The following column was written in memory of my mother-in-law, Ruth Berger née Gitman, born in 1922 in the German city of Saarlouis, near the border with France. On Purim Eve 1934, she went to a party organized by the Jewish community. It was a traditional affair: They sang Purim songs, ate hamantaschen, read the Book of Esther and shook rattles when Haman’s name was mentioned.
That incident occurred before the Holocaust, as that term is commonly and harrowingly understood. I’m relating it here as an example of anti-Semitic persecution based on an outside perspective of Jewish rites which, when viewed like that, may seem barbaric. It might be said that much of the anti-Semitic persecution throughout history was borne from outsiders peeping into what Jews – who appeared to be queer and suspicious creatures – were doing privately during their festivals, birth ceremonies and weddings.
And how did they know that the Jews were hatching evil schemes or, in today’s parlance, were plotting terrorist acts? Well, just take a look: All the Jewish holidays commemorate some bloody act, or call for brutal revenge on their enemies: Circumcision – blood; wedding – breaking a glass (out of hate for the Babylonians and Romans, destroyers of the Temple); Passover – revenge on Pharaoh and the Egyptians; Purim – cannibalism (eating ears); Hanukkah – incitement against the Greeks.
Now, let’s turn to present times and to what the Israeli media has termed the “wedding of hate,” “wedding of knives” or “wedding of blood,” and which has been causing such a stir in recent weeks. Before us we have the same horrible model, where a snooper is dispatched to spy on these strange people and their barbaric customs, and see what they get up to when they get married. The Peeping Tom returns with the hoped-for intelligence: These people really are barbarians – even when they marry, they dance jigs of hatred, incitement and vengeance against their enemies. They must be prosecuted! This evil must be eradicated from among us! The wild weeds must be destroyed!
This imbecilic hysteria is even echoed by leaders of the religious camp, who recognize that they are being presented with an opportunity to join the consensus. They’re also calling for evil to be eradicated. But I, little old me, refuse to forget what my mother-in-law told me, and with my last breath I shout: The barbarians are you, ladies and gentlemen! There’s nothing more barbaric and malicious than staring into what people do privately with their family and friends and laying it bare, outside its ceremonial context. It’s no different than calling the shaking of rattles during Purim terrorism against the Third Reich, or saying that when Jews light candles at Hanukkah – what, didn’t you know? – they’re really making a wish to set your home ablaze and burn you alive.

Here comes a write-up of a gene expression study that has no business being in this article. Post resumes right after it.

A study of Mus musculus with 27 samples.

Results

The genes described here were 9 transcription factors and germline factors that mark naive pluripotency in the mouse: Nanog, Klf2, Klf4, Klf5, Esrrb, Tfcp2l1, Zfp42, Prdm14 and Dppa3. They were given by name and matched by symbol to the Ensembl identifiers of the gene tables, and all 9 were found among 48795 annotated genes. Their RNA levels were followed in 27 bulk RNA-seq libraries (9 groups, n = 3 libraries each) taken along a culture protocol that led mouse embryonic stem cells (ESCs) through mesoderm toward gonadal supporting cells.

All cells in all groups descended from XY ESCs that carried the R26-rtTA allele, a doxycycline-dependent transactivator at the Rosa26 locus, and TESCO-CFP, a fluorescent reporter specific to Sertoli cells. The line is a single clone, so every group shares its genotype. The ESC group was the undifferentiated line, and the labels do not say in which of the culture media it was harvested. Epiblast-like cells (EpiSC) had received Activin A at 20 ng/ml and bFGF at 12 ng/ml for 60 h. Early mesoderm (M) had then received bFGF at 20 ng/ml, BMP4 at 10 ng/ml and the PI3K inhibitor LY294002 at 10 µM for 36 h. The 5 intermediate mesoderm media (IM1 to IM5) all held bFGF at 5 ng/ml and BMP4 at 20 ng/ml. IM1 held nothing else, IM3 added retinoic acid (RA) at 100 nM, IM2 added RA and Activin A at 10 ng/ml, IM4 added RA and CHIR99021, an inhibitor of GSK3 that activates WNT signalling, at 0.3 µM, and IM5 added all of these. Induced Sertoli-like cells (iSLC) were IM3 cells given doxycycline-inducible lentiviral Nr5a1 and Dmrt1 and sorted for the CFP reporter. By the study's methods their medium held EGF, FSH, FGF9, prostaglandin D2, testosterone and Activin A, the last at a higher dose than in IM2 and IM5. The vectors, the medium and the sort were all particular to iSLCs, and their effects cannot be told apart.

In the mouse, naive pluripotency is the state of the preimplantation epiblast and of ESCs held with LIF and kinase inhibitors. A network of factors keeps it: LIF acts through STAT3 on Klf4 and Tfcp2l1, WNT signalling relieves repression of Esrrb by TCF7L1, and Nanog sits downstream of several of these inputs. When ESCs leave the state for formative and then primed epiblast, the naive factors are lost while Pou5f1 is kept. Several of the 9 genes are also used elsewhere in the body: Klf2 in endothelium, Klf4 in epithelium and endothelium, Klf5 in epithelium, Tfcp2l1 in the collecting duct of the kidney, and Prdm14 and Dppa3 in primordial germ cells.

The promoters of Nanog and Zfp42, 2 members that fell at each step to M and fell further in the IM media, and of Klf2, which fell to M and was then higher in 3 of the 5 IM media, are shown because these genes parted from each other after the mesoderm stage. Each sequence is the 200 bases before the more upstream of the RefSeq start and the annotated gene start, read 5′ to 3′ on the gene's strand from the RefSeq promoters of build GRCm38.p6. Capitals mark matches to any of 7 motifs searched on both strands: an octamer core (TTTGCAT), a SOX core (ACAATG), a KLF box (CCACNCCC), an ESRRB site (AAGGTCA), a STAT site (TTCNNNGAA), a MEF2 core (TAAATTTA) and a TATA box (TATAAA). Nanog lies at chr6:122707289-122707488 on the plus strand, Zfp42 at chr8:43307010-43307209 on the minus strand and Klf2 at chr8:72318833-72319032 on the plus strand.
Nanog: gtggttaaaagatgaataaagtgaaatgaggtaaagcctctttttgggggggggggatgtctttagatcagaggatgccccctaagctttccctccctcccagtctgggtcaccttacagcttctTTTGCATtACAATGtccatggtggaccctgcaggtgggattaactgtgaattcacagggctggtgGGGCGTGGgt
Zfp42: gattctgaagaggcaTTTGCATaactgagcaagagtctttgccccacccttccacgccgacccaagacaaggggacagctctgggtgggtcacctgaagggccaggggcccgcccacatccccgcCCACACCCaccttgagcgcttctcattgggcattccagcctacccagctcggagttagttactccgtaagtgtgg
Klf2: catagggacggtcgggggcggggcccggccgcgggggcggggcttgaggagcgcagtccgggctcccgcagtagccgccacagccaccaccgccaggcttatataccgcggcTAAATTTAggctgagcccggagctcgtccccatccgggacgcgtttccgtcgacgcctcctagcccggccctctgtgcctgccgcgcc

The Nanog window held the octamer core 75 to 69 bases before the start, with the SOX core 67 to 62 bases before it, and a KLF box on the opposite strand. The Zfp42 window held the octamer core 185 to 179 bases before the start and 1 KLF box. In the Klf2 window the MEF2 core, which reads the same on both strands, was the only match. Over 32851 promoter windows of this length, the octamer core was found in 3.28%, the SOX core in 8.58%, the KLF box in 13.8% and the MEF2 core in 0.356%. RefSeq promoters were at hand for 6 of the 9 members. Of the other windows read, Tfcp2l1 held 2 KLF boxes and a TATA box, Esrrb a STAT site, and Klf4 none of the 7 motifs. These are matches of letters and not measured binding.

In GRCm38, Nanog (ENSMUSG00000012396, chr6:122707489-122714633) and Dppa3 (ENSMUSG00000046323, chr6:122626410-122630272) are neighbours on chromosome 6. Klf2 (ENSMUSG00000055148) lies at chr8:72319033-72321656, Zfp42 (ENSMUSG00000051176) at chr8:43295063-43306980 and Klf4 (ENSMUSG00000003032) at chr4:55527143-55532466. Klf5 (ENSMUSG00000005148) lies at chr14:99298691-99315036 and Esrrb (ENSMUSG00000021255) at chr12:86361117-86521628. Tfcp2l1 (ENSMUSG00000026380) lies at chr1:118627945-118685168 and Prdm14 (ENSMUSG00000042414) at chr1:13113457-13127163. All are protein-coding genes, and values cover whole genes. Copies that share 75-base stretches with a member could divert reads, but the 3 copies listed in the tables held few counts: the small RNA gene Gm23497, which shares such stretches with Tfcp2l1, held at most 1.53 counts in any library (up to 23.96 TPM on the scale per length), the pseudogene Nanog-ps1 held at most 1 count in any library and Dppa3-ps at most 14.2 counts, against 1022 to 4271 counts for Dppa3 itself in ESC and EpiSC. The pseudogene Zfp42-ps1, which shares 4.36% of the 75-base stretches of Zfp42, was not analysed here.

I have zero sympathy for the radical religious right, but its members have a right to human dignity – just like any other person. And there’s nothing that impinges more on people’s dignity and liberty than violating their privacy and cultivating a sort of organized dread against them. Experience shows that this usually doesn’t end well.
Before we wage battle against the radical right, and its statements and deeds, I think we must first take action in defense of privacy – whose legal boundaries have been completely breached in the smartphone era. I, and many others like me, would have wanted to keep our right to engage in all the world’s strangest customs inside our homes or within our circle of friends, even if this includes terrifying acts like voodoo, stabbing a photograph, declaiming the verse from the Book of Judges where Samson prays for swift revenge against the Philistines, a stormy dance of knives, or burning a Gamal Abdel Nasser effigy on a Lag Ba’omer bonfire – an Israeli custom that was common in my childhood. Fortunately for me, enough time has elapsed since then. Today, it would be considered a hate crime.
Many evil organizations, from the Inquisition to the Gestapo, relied on the masses’ appetite for “transparency” – meaning, uncovering the things people do privately and exposing them as criminals. I look around me with concern as “transparency” is slowly becoming the supreme public virtue, purportedly out of estimable intentions to fight evil. Soon, Israel will be a paradise of transparency, where weddings will be conducted according to the same trigger-happy protocol. Anyone who dares cut his boneless chicken with a knife and sprays gravy on the tablecloth will be taped on a smartphone – and the Shin Bet security service will know just what to do with him.